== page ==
This lovely bouquet of peonies came from a friend. Peonies usually are blooming for Memorial Day here and lots of the older homes in our area have them in their gardens. They were often the flower of choice to cut and take to the graves.
When I was a kid, Memorial Day was for visiting our family graves. My mom always brought garden tools and a broom so we all could clean each headstone and leave a bouquet of flowers cut from our garden. My mom would often tell stories of that loved ones as we worked at their grave. Later we would have a BBQ and often a game of wiffle baseball with our cousins.
Since my husband and I have been married, both our parents have taken to going to the graves on the Friday before Memorial Day, when we all at work and school and the cemetery is quiet.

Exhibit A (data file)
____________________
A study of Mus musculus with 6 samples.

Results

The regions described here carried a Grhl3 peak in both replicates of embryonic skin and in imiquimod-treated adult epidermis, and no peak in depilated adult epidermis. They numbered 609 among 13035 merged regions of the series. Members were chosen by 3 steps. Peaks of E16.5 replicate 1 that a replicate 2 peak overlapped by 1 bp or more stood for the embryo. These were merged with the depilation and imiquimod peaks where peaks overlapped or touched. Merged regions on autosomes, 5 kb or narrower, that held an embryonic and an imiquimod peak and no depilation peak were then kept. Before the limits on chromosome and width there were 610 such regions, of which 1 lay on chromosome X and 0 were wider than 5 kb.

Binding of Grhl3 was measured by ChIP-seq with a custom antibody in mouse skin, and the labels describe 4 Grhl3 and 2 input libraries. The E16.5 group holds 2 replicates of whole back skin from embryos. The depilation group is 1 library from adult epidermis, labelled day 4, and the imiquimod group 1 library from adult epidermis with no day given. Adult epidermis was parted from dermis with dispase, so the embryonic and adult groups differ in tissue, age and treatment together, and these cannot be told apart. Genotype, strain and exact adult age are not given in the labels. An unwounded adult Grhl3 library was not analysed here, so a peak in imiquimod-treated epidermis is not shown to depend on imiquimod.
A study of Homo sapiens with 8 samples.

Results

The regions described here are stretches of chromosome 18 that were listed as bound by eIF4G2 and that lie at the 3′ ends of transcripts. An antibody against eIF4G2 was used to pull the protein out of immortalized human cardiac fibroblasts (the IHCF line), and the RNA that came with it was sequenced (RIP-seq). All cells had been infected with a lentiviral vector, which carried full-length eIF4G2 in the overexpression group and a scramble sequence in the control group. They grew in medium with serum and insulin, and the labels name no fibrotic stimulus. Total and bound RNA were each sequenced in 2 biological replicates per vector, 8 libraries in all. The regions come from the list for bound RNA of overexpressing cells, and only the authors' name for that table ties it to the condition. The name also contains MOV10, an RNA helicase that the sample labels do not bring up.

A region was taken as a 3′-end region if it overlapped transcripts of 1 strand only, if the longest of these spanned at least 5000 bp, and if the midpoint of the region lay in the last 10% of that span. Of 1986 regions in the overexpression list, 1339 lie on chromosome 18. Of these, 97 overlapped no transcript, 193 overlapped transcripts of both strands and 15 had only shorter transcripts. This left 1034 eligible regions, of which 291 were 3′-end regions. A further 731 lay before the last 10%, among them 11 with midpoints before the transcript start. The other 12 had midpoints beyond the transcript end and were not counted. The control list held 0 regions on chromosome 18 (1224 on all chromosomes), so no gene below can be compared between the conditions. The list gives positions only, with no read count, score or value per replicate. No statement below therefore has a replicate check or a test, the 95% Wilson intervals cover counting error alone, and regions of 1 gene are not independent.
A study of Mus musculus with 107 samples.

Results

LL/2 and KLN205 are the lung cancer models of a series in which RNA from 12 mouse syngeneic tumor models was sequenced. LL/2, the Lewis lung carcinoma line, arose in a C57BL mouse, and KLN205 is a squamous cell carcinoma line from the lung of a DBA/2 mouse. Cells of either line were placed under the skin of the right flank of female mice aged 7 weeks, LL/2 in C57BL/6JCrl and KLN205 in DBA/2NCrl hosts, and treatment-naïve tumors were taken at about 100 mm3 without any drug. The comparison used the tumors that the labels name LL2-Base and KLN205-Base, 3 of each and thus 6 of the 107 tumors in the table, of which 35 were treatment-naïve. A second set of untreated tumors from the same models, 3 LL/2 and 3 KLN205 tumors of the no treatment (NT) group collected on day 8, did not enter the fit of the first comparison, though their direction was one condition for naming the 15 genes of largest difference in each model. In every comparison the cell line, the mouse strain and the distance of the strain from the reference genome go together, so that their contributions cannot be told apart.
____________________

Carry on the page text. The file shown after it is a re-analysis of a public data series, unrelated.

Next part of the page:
Since they’ve already gone, we don’t. For our kids, Memorial weekend is just a fun long weekend, when we go to the Patagonia sale, to a movie, swimming and a BBQ.
It was the face of my grandmother, Maxine Morgan.
The photo was on a poster made by one of my girls for her ancestor report. The thick plastic covering the wall had laid just right to make her picture visible. And for some reason, when I saw her face, it made me feel a little emotional. I felt gratitude for her example of resourcefulness, hardwork, and her beautiful, cheerful smile. Even though I never knew her, I do know her- through the memories and many stories told to me by my mom.
It’s time to get back to essentials I thought. It’s time for my children to think of Memorial Day as more than just a time we pick up closeout ski coats and see big blockbuster movies.
It’s time to de-commercialize our holiday just a little, and spend some time remembering.